Rubgy Classic a unique sporting occasion
The incongruous sight of a posse of 6ft 6in brutes riding atop a tiny scooter along Front Street is a sure sign that the Classic's back in town.
It's hardly the macho image that rugby players would want to portray but then they don't give a hoot while in Bermuda, it's another world and, more to the point, nobody's about to argue.
These guys play hard, party hard.
The World Rugby Classic is unique. It's created an image of its own. And Bermuda should be grateful.
It's cemented its place on the Bermuda calendar from both a sporting and tourism perceptive.
Not much has changed in recent years — players defying their age (at least, making a valiant attempt to do so), showing the same intensity and commitment that was evident during their international playing days, giving no quarter and none asked, enjoying first class hospitality and, when the games finish, creating social mayhem.
There are any number of reasons why so many make the same pilgrimage along Frog Lane into the National Sports Centre North Field every November.
Founder and Classic director John Kane, who strolls around the ground, occasionally popping into the VIP area and visiting the various hospitality tents, gives the impression that after all these years — it's celebrating its 25th anniversary — this sporting spectacle takes care of itself.
Far from it. As soon as next week's Classic ends preparation begins for the next.
Events such as this don't develop and progress without much planning and devoting hours to ensure those plans are well executed.
In its infancy, the Classic might gave given the impression that it was an exclusive expat festival, much like the Easter Classic before it.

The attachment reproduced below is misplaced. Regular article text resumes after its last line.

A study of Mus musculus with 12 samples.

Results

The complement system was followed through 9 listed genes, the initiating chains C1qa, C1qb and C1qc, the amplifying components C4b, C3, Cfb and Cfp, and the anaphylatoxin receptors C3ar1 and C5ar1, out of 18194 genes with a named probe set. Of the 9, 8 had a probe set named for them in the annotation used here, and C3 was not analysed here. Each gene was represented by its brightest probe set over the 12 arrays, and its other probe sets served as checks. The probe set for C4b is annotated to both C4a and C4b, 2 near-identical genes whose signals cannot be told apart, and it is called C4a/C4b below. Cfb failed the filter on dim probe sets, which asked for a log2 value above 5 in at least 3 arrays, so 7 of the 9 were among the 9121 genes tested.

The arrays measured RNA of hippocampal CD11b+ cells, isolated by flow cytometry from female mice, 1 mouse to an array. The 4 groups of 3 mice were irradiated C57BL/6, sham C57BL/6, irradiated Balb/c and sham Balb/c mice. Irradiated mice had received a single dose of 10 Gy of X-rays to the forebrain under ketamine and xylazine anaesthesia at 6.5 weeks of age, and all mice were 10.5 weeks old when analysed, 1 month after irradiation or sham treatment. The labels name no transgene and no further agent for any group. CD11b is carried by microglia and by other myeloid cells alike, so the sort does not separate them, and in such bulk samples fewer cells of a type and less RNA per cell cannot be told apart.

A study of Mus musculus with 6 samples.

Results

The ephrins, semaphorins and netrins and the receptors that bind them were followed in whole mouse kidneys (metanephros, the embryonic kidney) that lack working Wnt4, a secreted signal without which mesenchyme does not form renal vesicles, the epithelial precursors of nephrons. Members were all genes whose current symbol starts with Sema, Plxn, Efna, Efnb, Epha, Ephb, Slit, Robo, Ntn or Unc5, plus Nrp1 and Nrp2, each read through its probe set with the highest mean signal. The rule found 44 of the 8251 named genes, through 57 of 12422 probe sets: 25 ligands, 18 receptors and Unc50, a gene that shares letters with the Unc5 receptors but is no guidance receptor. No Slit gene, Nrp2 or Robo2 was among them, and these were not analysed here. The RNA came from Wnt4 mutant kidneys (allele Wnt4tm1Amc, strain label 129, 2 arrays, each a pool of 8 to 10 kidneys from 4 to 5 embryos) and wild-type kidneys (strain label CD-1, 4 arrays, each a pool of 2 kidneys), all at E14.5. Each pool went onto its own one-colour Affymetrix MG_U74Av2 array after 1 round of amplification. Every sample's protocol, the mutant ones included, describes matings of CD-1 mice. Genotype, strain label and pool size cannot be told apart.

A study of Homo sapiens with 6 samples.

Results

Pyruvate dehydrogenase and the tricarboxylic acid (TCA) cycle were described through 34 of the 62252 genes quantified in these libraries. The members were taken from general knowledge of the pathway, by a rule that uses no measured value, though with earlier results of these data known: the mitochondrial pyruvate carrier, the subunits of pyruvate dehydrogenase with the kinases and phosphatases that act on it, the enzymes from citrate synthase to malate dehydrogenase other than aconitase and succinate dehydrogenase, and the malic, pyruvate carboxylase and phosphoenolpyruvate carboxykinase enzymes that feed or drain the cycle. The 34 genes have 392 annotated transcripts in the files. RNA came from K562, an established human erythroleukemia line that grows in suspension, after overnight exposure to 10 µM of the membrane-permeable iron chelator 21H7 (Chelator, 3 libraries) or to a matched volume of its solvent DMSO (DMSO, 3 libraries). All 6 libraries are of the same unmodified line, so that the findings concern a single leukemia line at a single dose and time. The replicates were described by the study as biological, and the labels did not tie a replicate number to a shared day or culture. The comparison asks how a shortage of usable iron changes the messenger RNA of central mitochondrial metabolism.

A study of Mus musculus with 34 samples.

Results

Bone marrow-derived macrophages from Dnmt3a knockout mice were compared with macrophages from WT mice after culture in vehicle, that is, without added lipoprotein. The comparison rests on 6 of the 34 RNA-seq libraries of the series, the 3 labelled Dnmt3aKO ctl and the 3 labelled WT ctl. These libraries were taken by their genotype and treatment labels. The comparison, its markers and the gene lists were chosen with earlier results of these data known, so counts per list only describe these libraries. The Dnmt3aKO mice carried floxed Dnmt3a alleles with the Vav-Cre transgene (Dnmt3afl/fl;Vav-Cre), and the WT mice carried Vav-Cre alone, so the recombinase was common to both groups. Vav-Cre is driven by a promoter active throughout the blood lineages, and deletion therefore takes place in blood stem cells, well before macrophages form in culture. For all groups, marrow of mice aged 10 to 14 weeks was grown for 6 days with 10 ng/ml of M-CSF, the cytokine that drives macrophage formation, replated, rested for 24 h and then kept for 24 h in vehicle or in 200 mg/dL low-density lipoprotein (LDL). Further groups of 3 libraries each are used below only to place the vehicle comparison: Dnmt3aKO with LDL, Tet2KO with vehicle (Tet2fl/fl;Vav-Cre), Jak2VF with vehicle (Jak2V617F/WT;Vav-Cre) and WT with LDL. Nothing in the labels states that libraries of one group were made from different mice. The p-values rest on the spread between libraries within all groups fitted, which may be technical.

Given that Bermudians had rarely been exposed to the sport, and only a sprinkling of them showed any interest playing, that description wouldn't be too far off the mark.
Things have changed. It's come a long way since its inception. It attracts as much of a mixed crowd as the Grand Slam of Golf.
The Classic has played a major role introducing the sport to the locals, it's given them an understanding of the game, and combined with the various junior programmes, it's increased popularity, albeit not quite as much as Bermuda Rugby Football Union would have hoped.
It's also elevated the tourism figures traditionally expected at this time of the year.
Taking into account eight teams with a squad of around 25, double that number with officials, friends and family, and the impact is significant.
When football's Dudley Eve Trophy final takes place on Monday's public holiday, it's likely more people will watch the Classic than those who head next door to the NSC South Field.
Any disparity in numbers could, in part, be attributed to the social attraction.
But football to a large extent has dwindled in popularity as regards its fan base, not because the game lacks appeal but because in stark contrast to the rugby, the standard has dropped.
There may also be a perception, despite the efforts of various clubs and Bermuda Football Association, that the game isn't always family friendly.
It's unfair to compare a one-off event to a national sport that is played through the week, day and evening.
But among those who will watch the rugby, a large proportion will also watch football's Premier League and the Champions League on TV. The proliferation of televised games entices would-be spectators to stay at home and watch from the comfort of the couch.
The Classic reaches out to a wide spectre of the community. It's different from the run of the mill sporting occasion.
It's become far more than a rugby exhibition. The players play with pride and patriotism.
And while it isn't the World Cup, the competition is fierce.
The country that lifts the trophy next Saturday will feel they've earned it.
And they'll have the wounds to prove it.